Long before Jim and I were romantically involved we worked together at very straight-laced firm chock full of rules and regulations as large, successful firms are wont to have. They even had a large book of rules, although they referred to it as the Employee Handbook. One of the rules or standards was that everyone was addressed by their initials. If someone in the long history of this firm previously had your initials well, quite simply, they assigned you new ones. Your parents have no say in this matter. Sometimes one managing partner would not even call me by my name; I was just simply TMG and he’d address me as such to my face. Your initials served as the backbone for locating you, on the office map, your email address and really almost anything related to your employment there; more so than your social security number. But mainly your initials served as a way to receive all sorts of imperative inter-office garbage: magazines articles, specifications for review, new rules, your mail. Jim and I still have fun with this, occasionally depositing funny stories, a horrifying $450 electric bill, or whatever quietly placed on each other’s office chair with one set of initials and an arrow pointing at the other set of initials. We may even address a Christmas gift this way. We giggle like kids with this game. I know it doesn’t sound very funny, but we’re childish.
Oddly, and in spite of my disdain, I still use these pigeon-holing methods for organization in a serious manner. In the very back of my red book (my personal cookbook, the one I have previously referred to as the book of lists) past all the recipes, the menus, the lists of appetizers and the scraps of recipes not yet made is another list titled ‘Things JPY likes’. Beneath that title and scrawled over onto the next page is the ever evolving list of dishes I make that make Jim shout ‘Eureka!’. It is cross-referenced in the red book with fifth-grade-worthy hearts scrawled in the margins of recipes with the notation ‘JPY ‘hearts’. Jim professes to like almost everything I make, but sometimes if a dish really strikes him, he will express his extreme satisfaction with an eye roll while saying ‘Baby, this is really good.’ Now he just says ‘You can put that on the list.’ The list of things TMG makes that JPY likes.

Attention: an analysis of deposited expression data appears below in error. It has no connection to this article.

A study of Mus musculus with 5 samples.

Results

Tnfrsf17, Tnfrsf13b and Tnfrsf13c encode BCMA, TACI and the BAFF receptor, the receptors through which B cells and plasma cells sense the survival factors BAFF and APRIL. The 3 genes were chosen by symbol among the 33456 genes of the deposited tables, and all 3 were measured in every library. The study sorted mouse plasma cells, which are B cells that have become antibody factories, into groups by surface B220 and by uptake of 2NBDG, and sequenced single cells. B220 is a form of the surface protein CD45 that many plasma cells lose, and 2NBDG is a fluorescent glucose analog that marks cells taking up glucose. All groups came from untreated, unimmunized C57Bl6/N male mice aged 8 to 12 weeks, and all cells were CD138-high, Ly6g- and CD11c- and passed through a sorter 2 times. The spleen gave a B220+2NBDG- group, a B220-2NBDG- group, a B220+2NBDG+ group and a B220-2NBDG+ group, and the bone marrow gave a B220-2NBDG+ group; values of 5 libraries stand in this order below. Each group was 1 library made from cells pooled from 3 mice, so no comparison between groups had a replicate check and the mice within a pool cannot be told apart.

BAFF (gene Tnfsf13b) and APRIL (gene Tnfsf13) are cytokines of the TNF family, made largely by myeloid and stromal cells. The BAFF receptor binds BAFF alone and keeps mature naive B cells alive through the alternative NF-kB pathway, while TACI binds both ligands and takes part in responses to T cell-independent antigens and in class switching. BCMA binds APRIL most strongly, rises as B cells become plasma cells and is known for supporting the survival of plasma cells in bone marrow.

So from the list of tasty items JPY ‘hearts’, from me, TMG, to you and your initials. Happy breakfast, enjoy.
Breakfast Polenta with Linguica - Serves 2
1 cup cream
2 cups water
1/2 cup polenta
1 tablespoon butter
salt + pepper
1 Linguica sausage
1 tablespoon rosemary chopped
2 tablespoons white vinegar
1 teaspoon smoked paprika
1 tablespoon vegetable oil
Combine the water and cream in a sauce pan and bring to a boil but do not let it over boil. Whisk in the polenta and two large pinches of salt. Simmer the polenta for about 25 minutes, stirring frequently to prevent lumps from forming. Meanwhile, heat the vegetable oil in a skillet and add the sausage and cook for about 10 minutes. Remove the sausage and slice in to 1/4” rounds. Add the rosemary to the pan, fry until fragrant and slightly crispy, about 1-2 minutes.
Fill a wide pan with about 2” of water and add the vinegar; bring to a simmer. Crack the eggs in to small bowls or ramekins. Tip the bowl with the egg slowly in to the simmering water so the water comes in to the bowl to take the egg out to sea like the tide. Repeat with the other eggs. Using a slotted spoon, gently redirect the egg around itself in the water. Allow the water to return to a simmer and simmer 2-3 minutes. Remove the eggs with a slotted spoon or pasta claw and drain on paper towels.
Remove the polenta from the heat, stir in the butter, adjust salt and add pepper. Spoon the polenta into two warm bowls, top each with the sausage slices and two poached eggs, sprinkle fried rosemary and smoked paprika on top.
Notes: Instead of sausage I have also previously used a few ounces of chopped pancetta.